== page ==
It isn’t terribly surprising to run into a celebrity, well-known artist or otherwise famous person every now and then when walking around Manhattan, though not everyone would necessarily recognize Flo Fox—yet she might be one of the most discernible people on the streets. Riding in her electric wheelchair probably donning sunglasses, perhaps wearing a hat and always with her aide Marva by her side—who may or may not have a camera up to her eye as Fox directs her—this woman is one of the most courageous and determined street photographers out there.
Documentary filmmaker Riley Hooper picked up on Fox’s incredible story and made an award-winning 10-minute film about how she navigates her unique role in street photography.
Fox became interested in photography at a young age, even though she was born blind in one eye. What some might view as an obstacle was perceived as an advantage by Fox: “Being born blind in one eye was perfect for photography,” she says in the film. “You never had to close an eye to take a photograph, you never had to change three-dimension to a flat plane.”
After her mother died from lung cancer when she was only 14 years old, she left town (her dad died when she was 2). “So I got my education on the streets,” she explains. “That’s why I can take naughty photos—nobody taught me right from wrong.” Fox is, of course, referring to her many raunchy sets of photos, including the “Dicthology” series that she talks about in this documentary. Her humor and wit has taken her down wild paths to what she calls photographic “ironic reality,” though she doesn’t need to photograph sexually explicit subject matter to achieve that humorous spin. She photographed a man sucking on a cigarette while he drives his daughter, who sucks her thumb in the back, and dubbed it “Everybody sucks.” Another time, she shot a billboard of a model who’s face was covered up by a tarp. The title: “Cover girl.”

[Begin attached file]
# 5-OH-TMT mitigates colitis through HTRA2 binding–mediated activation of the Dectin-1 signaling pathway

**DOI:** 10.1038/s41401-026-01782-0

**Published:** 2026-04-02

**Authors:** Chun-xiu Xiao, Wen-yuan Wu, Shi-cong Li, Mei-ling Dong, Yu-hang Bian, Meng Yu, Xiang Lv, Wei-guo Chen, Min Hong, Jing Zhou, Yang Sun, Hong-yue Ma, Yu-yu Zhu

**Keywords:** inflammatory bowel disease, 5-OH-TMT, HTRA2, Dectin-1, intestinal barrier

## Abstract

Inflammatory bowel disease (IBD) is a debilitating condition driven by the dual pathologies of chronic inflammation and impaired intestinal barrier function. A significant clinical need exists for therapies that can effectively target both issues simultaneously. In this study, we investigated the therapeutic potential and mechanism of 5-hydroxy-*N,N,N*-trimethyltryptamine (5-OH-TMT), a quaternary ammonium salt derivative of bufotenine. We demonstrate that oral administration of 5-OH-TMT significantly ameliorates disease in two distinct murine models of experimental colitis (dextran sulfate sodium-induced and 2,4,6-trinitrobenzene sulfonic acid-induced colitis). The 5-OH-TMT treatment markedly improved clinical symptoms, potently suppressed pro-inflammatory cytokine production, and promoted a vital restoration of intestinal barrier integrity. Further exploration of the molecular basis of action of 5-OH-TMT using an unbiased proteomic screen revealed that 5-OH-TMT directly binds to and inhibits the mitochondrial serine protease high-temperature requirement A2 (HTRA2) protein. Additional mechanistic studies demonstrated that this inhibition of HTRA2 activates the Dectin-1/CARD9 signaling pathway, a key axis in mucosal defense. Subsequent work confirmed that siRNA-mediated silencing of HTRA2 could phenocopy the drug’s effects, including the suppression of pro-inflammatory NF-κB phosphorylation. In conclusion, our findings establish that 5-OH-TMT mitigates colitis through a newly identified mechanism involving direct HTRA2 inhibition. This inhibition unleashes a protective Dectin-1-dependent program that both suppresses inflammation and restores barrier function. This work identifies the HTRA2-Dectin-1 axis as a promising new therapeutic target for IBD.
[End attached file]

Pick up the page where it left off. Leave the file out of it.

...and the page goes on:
Fox was diagnosed with multiple sclerosis in the 1970s, after her sight in her other eye dwindled in a way that was, as she describes in the film, like “seeing through nets, like there were two stockings over my eye.” She only saw this as a temporary problem, after the timely advent of camera autofocus. Unfortunately, her MS began affecting her ability to take her own photographs more so as she eventually lost full function of her limbs.
Today, she can no longer hold her camera or press the shutter release button, but believe it or not, that still doesn’t stop her; Marva takes photographs for her upon her instruction. One out of ten appear exactly as she pictures them, Fox estimates, while others she sometimes needs to crop a bit. But those odds aren’t so bad, considering Fox’s high spirits and natural artistic and witty eye allow her to see documentable moments wherever she goes.
“Now you see how the shots come to me, I don’t have to look for them,” Fox tells Marva. “They’re always out there.”